Updated: Jul 24, 2021
Do promises or giving your word (of honour) differ from simply saying you will do something? On the surface, it seems that there must be a difference as while we say we will do things, dozens of times a day, promises are a much rarer breed of statement. To answer this, we need to first understand what a promise is. The dictionary definition of a promise is “a declaration or assurance that one will do something or that a particular thing will happen” (Oxford Languages). This definition matches how we use promises in everyday life. We do not make promises except to provide a guarantee of future action. But then how is this different from the statement, ‘I will do X’?
Considering how we use promises, it seems that, in general, we must hold ‘I will’ statements to mean not so much ‘I will’ but 'I will try'. This means that when we say, “I will do the dishes”, we are really saying, “I will try to do the dishes if I can”. Conversely, when we say, “I promise to do the dishes”, we are saying, “I will do the dishes”. This would make the difference one of guarantee. A promise is a guarantee. ‘I will’ is a general statement of intent and is not a guarantee.
The problem with this linguistic system is that while we all use it when someone says that they will do something important for you and does not, it feels like they broke their word. They naturally fall back on the “I never promised” argument, yet it feels hollow. After all, they said they would and didn’t. This points to the fundamental problem with the I will/I promise dichotomy. The speaker means one thing and the listener hears another. How do we solve this problem?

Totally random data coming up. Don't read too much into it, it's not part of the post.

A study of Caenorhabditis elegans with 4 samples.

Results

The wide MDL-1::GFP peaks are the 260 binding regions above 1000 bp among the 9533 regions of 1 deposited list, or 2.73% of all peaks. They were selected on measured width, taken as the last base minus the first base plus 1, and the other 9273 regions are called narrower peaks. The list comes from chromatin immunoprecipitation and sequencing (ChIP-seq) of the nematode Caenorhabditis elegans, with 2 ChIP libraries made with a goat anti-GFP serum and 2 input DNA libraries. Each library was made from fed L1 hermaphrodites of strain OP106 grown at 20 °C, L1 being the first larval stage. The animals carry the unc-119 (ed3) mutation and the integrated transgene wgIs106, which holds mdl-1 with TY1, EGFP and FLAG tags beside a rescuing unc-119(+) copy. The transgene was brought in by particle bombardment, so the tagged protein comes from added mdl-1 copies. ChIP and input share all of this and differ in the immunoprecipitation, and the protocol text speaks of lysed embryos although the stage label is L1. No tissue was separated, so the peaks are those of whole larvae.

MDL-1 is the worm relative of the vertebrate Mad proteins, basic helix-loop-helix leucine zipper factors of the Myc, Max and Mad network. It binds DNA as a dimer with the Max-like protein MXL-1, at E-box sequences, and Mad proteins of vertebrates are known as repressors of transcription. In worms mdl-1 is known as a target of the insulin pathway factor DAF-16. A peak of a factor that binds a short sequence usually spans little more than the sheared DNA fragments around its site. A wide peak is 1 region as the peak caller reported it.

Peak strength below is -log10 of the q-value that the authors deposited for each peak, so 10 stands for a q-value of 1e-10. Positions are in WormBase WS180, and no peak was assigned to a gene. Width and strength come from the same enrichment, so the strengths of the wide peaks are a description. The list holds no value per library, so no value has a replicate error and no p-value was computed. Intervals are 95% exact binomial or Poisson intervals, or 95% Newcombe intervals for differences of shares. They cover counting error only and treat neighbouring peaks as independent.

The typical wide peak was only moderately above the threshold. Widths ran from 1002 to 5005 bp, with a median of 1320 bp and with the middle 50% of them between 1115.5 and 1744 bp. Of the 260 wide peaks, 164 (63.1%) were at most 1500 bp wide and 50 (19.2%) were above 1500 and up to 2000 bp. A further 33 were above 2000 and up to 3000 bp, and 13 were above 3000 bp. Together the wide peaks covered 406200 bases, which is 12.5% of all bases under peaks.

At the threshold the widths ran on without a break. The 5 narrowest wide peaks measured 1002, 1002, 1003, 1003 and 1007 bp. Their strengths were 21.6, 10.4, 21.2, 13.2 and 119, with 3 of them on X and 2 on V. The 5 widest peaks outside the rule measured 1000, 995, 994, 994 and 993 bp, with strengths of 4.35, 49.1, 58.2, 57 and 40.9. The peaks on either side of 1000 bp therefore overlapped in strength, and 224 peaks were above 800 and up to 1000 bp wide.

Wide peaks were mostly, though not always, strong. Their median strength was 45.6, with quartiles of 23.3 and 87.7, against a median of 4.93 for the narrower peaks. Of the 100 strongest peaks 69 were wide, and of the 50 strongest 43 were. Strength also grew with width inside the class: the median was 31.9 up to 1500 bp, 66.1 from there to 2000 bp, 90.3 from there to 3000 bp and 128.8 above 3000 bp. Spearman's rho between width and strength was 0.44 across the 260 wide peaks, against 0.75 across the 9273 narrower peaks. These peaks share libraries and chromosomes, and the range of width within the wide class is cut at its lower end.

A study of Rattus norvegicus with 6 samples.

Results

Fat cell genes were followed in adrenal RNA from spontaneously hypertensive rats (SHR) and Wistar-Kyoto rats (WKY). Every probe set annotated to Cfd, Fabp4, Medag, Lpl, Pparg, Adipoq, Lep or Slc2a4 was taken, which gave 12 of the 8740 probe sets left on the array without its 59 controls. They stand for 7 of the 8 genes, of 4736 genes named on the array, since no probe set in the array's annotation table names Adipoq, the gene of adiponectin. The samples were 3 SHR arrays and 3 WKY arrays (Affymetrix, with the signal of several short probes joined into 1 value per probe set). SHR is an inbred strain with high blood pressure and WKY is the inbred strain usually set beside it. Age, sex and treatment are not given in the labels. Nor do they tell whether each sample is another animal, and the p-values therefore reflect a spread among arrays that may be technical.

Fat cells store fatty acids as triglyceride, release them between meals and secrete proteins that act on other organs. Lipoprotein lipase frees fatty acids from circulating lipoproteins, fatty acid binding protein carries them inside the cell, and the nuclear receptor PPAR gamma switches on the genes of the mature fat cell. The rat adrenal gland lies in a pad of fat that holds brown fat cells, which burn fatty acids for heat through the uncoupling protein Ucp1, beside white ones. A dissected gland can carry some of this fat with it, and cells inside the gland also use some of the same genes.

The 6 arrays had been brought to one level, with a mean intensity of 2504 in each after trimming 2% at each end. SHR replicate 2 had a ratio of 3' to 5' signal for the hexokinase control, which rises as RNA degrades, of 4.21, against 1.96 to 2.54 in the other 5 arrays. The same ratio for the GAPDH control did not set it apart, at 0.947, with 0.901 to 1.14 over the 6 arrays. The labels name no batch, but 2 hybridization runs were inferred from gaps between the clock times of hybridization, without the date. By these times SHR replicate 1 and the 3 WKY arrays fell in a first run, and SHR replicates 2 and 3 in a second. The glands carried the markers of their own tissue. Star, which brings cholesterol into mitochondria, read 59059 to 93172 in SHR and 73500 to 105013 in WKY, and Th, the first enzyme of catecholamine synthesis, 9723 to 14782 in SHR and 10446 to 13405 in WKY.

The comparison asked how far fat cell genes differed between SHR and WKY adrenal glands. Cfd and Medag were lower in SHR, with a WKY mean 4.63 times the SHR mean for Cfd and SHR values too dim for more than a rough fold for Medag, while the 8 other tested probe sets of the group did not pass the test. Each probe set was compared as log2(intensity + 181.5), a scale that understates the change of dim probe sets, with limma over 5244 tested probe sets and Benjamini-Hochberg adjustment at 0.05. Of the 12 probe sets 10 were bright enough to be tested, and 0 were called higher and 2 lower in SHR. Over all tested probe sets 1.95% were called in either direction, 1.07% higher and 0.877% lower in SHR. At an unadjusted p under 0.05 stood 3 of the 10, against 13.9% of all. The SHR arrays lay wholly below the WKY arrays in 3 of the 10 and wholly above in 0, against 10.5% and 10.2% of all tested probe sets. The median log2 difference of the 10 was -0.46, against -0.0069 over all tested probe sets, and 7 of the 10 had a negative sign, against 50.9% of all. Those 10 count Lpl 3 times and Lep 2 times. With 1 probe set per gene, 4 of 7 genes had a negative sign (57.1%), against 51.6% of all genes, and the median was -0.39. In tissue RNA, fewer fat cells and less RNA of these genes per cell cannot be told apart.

It would, of course, be great if everyone could agree that ‘I will’ = ‘I’ll try” and ‘I promise’ = ‘I will’ but, frankly, this will never happen. The only person we can control is ourselves, so the solution must lie in us. Thus, we should start by consciously interpreting other people’s 'I will’s' as 'I’ll try’s' and we should adjust our language so that we treat our ‘I will’s’ as equivalent to saying, ‘I promise.’
This means, in practice, that we should seek to be clearer in our choice of language. If we are asked if we can do the dishes, instead of yes (which means I will), we should say I’ll try/I should be able to/Yes, provided nothing else comes up, etc.
By doing these simple things, we will avoid many of the misunderstandings that can so often cause discord between us. We will be seen to be more honest and reliable than before and our word will hold more weight. Furthermore, by our example, we will encourage others around us to follow suit, reducing the disagreements and arguments in our families and communities.